Significance of Namaste
By Bhesh Jung Badal --
Namaste is a formal and traditional way of greeting widely prevalent in Nepal and India. Unlike 'Good morning , ‘Good bye‘, ‘Good night ' in English and Asla-walikum, 'Khudda Hafiz "Sabhakhaie” in Urdu, “Sebaru” in Limbu, “Tashidelek” in Sherpa, “Jo Jo lapa” in Newari , Namaste can be used both at the time of meeting as well as departure. Secondly, it can be used for any time of the day in the morning, afternoon and at night.
According to Spiritual Foundation organization, namaskār, also known as namastē, is used both while greeting and upon parting company. When a person greets another with namaskar, the greeting is accompanied by a slight bow made with hands pressed together, palms touching and fingers pointed upwards and closely positioned in front of the chest. The word ‘namaskar’ or ‘namaste’ is said to the person who is being greeted.The Foundation endorses the namaskar (namaste) as the most sattvik form of greeting and should be adopted as far as possible.
This practice of greeting each other has been handed over to us from generation to generation. It has been a part of our culture. The underlying significance in doing Namaste in its true spirit i.e. folding the palms of two hands has gone to oblivion for many of us because we perform this custom mechanically and as a matter of habit. A greeting of this nature performed mechanically has no sincerity in it.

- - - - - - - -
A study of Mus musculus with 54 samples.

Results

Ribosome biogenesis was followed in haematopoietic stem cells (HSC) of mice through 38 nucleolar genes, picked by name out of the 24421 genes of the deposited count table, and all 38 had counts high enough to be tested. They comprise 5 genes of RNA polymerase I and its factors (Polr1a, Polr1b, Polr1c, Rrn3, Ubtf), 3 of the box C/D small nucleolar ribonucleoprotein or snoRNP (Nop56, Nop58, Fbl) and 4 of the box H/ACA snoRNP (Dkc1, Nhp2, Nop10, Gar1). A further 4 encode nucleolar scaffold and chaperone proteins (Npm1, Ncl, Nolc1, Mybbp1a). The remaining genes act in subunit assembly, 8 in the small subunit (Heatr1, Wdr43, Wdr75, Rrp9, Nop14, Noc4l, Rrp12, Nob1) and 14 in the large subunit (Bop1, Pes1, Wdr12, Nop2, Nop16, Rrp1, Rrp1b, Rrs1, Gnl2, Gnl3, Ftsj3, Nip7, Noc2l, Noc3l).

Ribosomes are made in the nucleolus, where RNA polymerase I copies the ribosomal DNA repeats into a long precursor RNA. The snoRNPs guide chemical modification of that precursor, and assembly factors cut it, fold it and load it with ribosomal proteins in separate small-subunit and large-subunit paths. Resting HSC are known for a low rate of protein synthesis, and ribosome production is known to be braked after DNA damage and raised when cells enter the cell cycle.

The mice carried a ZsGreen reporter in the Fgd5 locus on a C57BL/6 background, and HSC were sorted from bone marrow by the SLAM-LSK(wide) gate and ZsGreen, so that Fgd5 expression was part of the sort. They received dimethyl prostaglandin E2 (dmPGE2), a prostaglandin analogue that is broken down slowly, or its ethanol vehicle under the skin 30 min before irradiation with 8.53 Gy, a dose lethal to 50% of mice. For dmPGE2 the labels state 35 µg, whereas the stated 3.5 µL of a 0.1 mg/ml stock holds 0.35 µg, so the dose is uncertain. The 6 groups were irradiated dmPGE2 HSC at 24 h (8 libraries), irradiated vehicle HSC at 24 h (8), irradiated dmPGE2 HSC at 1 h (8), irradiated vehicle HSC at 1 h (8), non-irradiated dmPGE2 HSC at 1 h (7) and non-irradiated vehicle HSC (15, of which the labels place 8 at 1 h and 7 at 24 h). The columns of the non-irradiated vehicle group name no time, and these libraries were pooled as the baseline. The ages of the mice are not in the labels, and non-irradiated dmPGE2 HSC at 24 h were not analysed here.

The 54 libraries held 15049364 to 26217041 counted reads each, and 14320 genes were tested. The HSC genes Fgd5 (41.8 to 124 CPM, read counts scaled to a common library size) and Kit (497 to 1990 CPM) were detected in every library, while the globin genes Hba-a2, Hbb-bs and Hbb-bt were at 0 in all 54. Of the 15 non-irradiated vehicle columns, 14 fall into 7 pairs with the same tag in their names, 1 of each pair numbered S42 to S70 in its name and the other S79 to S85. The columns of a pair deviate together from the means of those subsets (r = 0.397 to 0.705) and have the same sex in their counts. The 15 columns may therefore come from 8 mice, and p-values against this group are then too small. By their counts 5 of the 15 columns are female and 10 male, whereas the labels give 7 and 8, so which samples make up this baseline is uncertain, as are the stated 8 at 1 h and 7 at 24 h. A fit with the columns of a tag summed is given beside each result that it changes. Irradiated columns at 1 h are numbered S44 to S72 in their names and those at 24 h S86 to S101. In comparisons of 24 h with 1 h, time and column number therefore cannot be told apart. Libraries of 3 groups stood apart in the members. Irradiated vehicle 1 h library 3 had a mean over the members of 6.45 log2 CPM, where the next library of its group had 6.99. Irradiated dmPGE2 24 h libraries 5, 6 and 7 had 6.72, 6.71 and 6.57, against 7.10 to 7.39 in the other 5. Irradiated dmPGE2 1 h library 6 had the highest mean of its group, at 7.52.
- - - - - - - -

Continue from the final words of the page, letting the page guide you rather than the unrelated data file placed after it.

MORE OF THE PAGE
We find many other customs and traditions among the people in Nepal. They have also a deep significance behind them. But they have been discarded either in the name of modernity or some of them have lost their significance in the modern context.
In Manusmriti, greeting each other is not only considered a good manner but also a means to attaining peace, progress and happiness in life. Namaste is made of Sanskrit words -Namaha and the meaning 'I bow to you.' That's why when a person does Namaste; he bows his head a bit besides joining two palms of hands together. While doing Namaste we bring the folded hands towards the breast over the heart.
All the people of Nepal belonging to various ethnic groups do Namaste using their own language but the uttering the words is accompanied with action i.e. joining the palms of the two hands together. The practice of Namaste has given many foreigners who visit Nepal a feeling of warm reception and they greet back with Namaste quite naturally. It is a mutual way of recognizing each other's importance and an expression of well wishing as well as unity of each other.